The bank will report on its accessibility and inclusion efforts annually
ANZ Bank New Zealand has announced its new Accessibility and Inclusion Plan, which sets out how the bank aims to drive and embed accessibility and inclusion across all aspects of its business, as well as its commitment to report annually on its accessibility and inclusion efforts.
Now expanded to have a specific focus on New Zealand, the plan outlined ANZ’s determination to actively consult people with disability in the design, development, testing, and implementation of banking solutions, empower team members to create accessible experiences for customers and team members, and ensure its customer digital channels are accessible and inclusive of all users.
“In New Zealand, one in four people identify as having a disability,” said Fiona Mackenzie, executive sponsor of accessibility for ANZ NZ. “Being a part of this plan is a public commitment from us to improving accessibility for both team members and customers. While we’ve always been focused on ensuring we’re an inclusive organization, we’re putting in place accessibility commitments that we’ll need to report back on, which holds us more accountable.”
Part of the bank’s approach, Mackenzie said, was reinvigorating the way it addresses accessibility.
“This means we’ll be working to ensure accessibility is a consideration in all aspects of the bank, including from how we design our physical workspaces and access to our branches and ATMs, to the technology our teams and customers use, through to how we recruit team members across the business,” she said. “To ensure we deliver on our aims, we’re creating a team of senior leaders across the bank to drive the changes we’re committing to.”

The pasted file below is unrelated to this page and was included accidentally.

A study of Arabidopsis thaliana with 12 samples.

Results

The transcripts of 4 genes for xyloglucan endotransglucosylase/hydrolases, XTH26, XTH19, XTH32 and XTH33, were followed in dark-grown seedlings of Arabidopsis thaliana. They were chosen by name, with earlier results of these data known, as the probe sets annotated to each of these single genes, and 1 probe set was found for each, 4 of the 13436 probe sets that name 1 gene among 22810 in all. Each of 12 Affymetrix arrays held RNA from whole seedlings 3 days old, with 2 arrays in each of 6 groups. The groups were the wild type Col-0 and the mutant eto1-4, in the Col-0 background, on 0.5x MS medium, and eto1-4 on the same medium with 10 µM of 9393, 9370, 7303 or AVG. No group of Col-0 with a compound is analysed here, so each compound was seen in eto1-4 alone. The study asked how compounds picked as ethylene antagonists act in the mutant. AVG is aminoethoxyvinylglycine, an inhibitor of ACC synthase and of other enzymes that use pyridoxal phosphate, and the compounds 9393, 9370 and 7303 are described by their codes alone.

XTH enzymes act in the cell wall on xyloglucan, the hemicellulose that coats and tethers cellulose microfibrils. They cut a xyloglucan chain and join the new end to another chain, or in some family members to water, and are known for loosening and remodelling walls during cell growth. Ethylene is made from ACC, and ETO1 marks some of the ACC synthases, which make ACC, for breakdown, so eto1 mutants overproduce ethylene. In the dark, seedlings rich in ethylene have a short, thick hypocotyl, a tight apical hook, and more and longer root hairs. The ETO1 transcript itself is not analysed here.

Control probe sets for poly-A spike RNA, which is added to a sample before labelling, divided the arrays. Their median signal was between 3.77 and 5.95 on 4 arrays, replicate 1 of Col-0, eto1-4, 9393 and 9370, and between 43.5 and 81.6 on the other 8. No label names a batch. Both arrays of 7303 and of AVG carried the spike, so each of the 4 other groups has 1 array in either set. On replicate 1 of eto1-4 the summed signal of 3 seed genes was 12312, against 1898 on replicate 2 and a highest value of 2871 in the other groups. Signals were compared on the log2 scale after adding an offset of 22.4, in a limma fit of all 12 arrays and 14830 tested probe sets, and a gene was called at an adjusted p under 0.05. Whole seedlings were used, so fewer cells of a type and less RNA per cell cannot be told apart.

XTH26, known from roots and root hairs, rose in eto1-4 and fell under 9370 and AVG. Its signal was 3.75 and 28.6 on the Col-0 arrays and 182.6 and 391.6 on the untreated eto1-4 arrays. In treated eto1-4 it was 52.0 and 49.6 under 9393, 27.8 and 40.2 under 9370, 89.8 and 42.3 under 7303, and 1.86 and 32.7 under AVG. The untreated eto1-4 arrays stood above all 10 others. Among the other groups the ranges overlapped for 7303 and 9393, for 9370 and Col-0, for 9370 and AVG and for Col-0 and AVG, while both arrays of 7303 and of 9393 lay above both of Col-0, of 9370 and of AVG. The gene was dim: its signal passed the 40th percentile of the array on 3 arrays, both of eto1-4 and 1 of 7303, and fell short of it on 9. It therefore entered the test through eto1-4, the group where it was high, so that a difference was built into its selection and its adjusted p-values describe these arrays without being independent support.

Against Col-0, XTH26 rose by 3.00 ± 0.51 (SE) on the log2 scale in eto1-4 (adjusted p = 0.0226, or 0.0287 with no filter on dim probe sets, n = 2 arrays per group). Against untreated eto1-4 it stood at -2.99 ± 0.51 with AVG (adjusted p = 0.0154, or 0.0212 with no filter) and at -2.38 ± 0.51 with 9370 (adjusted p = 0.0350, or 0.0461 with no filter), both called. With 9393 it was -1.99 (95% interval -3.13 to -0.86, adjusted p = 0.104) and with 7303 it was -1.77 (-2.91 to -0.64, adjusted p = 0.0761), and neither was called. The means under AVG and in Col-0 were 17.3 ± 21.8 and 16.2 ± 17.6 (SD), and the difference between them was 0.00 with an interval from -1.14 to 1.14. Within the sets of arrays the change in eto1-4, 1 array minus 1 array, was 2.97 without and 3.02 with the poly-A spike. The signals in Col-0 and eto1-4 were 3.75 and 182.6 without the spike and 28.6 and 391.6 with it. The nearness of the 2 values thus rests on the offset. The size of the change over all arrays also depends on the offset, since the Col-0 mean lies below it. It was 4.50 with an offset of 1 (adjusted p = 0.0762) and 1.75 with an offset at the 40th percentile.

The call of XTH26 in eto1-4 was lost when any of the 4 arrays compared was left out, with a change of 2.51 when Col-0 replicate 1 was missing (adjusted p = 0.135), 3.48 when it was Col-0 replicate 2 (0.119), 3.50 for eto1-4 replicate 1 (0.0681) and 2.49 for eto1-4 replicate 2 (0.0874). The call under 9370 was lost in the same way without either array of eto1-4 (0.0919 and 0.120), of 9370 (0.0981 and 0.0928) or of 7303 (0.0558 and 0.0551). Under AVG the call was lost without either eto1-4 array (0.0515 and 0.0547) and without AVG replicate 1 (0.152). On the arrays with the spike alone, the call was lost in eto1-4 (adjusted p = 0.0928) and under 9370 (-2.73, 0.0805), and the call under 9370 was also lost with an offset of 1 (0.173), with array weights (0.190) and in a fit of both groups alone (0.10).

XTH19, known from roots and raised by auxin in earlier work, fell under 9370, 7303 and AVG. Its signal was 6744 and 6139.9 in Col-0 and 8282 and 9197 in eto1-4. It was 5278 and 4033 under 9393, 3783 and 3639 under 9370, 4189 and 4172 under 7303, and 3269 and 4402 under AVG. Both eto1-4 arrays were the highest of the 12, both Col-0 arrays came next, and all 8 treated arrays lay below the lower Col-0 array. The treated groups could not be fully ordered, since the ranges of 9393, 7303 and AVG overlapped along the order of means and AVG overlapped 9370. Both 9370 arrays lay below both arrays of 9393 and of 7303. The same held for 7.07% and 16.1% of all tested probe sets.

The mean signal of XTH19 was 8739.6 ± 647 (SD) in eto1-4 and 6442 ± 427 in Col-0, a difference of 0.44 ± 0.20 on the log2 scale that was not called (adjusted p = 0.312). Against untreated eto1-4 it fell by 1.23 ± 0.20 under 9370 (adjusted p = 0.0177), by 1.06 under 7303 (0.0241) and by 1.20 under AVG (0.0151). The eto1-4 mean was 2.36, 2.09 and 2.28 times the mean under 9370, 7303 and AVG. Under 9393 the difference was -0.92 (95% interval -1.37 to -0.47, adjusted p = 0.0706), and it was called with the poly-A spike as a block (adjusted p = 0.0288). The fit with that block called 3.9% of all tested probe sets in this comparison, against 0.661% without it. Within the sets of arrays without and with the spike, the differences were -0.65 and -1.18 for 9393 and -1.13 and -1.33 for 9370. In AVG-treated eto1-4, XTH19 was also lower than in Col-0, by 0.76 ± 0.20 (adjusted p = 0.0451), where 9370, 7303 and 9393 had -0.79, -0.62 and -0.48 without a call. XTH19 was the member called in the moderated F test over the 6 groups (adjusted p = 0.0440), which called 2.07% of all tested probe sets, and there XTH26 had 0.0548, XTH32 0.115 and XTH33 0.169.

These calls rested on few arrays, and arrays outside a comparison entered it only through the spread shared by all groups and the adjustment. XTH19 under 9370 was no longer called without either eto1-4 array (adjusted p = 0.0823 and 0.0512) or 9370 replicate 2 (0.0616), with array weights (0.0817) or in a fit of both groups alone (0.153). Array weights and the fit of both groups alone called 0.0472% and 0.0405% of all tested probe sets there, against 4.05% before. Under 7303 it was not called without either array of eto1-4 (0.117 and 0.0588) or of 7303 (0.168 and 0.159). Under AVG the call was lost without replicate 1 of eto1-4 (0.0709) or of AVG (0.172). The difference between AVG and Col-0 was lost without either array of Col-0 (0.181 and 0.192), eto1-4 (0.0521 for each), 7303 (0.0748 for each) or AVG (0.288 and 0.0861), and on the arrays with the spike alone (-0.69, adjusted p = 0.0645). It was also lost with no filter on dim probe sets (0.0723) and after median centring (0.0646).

One initiative aims to give the bank’s senior leaders the skills to support team members with disability in reaching their growth and development goals.
Mackenzie said there would be an intensive focus on digital accessibility.
“Our latest initiative is the implementation of development tools which will test our digital platforms as we build them to ensure they are user-friendly,” she said. “For example, we recently launched Dark Mode for Go Money to make it easier to use for low-vision users. This investment also includes training for our technology team members on the benefits of accessible design, and how to successfully integrate this into a more inclusive experience for all users.”
For example, ANZ’s development team is working on dynamic font scaling for the bank’s customer platforms, to enable them to change font sizes for better readability based on customer need.
“We acknowledge this is not the panacea, and there’s always more we can be doing, but this set of commitments is a step towards becoming a more accessible and inclusive bank for New Zealanders,” Mackenzie said. “We’re committed to closing the gaps and improving outcomes for people with disability, both in our workplace and for our customers.”